Adventures in Solitude: What Not to Wear to a Nude Potluck and Other Stories from Desolation Sound
by Grant Lawrence (Harbour Publishing, 2010)
You could introduce students to Adventures in Solitude by asking them how they would react if they were suddenly transported to a place in the wilderness of British Columbia far away from any city or town, a place that had no electricity and that could be accessed only by boat.
Use Lawrence’s description to give students a sense of the physical geography of the place: a “jagged coastline dotted with islands and islets, coves, bays, lagoons and inlets, creeks and lakes, towering cliffs and granite outcrops, backdropped by a thick, coniferous forest that stretched straight up, unbroken, to the snowy coast mountain peaks and the BC interior beyond.”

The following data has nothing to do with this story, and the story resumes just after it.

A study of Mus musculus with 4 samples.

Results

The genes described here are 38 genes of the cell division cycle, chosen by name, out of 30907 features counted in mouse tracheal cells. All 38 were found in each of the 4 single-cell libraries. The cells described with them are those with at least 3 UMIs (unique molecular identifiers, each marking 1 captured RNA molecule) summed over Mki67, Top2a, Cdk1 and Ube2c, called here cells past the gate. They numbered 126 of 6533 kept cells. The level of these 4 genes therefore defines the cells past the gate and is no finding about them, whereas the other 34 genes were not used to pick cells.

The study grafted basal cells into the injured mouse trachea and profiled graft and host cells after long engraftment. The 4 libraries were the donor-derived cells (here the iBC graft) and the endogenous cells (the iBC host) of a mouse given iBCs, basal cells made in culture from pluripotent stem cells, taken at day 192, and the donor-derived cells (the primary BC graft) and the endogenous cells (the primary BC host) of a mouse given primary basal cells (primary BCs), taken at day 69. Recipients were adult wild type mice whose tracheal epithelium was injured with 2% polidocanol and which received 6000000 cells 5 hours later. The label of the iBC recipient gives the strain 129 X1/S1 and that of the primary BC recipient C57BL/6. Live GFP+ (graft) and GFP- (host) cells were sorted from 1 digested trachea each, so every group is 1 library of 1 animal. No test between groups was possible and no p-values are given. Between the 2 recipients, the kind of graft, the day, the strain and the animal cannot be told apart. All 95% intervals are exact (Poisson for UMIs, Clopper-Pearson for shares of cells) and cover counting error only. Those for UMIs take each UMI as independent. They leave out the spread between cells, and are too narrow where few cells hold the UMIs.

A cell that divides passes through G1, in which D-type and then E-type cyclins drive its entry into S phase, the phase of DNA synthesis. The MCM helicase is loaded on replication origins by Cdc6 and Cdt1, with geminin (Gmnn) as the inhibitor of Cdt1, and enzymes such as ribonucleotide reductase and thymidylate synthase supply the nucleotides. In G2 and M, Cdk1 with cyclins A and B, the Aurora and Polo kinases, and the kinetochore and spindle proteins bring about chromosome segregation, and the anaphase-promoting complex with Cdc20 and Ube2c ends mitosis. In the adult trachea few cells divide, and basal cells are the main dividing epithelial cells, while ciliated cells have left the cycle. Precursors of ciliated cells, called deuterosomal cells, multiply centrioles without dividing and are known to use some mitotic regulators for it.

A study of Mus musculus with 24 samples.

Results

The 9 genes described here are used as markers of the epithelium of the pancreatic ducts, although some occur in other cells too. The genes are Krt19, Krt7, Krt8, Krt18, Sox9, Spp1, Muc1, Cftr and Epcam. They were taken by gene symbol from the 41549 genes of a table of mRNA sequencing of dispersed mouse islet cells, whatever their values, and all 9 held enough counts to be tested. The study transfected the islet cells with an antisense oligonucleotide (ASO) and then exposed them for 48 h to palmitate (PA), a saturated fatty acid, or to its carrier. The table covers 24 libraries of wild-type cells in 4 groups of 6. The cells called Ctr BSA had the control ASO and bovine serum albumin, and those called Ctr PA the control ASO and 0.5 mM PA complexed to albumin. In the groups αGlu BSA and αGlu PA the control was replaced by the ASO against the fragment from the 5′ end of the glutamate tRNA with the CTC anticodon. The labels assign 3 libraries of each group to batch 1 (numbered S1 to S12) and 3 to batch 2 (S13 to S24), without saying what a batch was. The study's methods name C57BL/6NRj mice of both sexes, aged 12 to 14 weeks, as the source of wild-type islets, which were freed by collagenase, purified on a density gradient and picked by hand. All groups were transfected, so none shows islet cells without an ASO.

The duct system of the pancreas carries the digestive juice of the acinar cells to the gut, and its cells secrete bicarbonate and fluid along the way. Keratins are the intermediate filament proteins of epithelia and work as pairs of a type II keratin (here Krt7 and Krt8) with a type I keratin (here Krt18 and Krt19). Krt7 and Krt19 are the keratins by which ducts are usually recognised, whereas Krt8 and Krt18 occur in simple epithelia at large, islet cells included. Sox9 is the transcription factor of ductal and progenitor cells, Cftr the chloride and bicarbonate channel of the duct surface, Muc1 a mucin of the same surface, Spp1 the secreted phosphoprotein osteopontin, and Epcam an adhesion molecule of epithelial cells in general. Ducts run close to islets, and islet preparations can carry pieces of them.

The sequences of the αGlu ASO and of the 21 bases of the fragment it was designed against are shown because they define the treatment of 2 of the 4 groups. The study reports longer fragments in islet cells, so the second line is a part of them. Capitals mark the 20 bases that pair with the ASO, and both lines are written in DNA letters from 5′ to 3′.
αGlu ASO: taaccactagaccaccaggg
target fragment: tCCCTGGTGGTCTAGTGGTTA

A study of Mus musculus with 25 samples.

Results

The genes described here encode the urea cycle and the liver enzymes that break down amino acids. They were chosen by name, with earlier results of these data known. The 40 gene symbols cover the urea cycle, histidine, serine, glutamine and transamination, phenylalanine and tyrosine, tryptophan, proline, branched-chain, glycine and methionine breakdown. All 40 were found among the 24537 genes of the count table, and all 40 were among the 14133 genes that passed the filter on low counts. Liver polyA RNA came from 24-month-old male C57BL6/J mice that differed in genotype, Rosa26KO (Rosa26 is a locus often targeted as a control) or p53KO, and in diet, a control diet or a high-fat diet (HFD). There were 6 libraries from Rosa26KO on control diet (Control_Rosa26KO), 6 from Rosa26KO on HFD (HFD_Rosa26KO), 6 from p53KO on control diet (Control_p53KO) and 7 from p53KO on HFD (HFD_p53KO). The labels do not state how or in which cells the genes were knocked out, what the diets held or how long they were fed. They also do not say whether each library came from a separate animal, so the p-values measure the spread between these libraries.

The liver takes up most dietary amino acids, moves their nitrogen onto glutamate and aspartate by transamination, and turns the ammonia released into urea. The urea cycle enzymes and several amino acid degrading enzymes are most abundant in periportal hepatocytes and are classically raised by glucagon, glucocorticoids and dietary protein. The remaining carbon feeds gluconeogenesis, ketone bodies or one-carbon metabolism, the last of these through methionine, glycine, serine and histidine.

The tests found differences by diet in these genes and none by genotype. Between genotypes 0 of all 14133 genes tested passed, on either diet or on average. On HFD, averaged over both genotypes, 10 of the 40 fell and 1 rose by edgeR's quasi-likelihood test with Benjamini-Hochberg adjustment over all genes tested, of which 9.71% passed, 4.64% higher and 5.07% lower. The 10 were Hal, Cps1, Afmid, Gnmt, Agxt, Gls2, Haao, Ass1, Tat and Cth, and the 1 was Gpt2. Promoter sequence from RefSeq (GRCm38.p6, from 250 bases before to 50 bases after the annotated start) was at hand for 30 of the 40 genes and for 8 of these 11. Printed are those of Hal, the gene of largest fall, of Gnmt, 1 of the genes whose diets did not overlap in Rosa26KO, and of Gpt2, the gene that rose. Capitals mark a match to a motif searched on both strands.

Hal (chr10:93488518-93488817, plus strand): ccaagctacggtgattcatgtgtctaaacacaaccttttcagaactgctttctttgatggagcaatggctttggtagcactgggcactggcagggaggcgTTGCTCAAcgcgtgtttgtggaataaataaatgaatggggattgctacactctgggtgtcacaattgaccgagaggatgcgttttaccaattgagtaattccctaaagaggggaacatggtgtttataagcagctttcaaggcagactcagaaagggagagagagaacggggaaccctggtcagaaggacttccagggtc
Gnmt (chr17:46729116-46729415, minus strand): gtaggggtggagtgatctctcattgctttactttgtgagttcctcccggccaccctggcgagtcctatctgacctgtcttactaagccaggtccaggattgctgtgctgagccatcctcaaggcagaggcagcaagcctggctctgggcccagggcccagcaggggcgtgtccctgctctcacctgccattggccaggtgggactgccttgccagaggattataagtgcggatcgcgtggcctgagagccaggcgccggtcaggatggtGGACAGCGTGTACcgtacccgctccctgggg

Open the discussion about such an experience with the following questions, and encourage students to add their own questions.
• What challenges would you face in such a setting? What benefits would you gain by being there?
• What would you do to adapt to living without electricity or phones or easy access to the outside world?
• How might your response to the place be different if you were a young child, a teenager, or an adult?
See the teaching resource for more lesson ideas.
Cross-curricular Suggestions: Geography and Social Studies
Students could study Adventures in Solitude to supplement sections of courses in which they explore the intricate ways that people’s identities and lives are rooted in particular places and regions, each of which has its own distinctive human and physical characteristics. As they read critically, students will also develop their inquiry and analysis skills.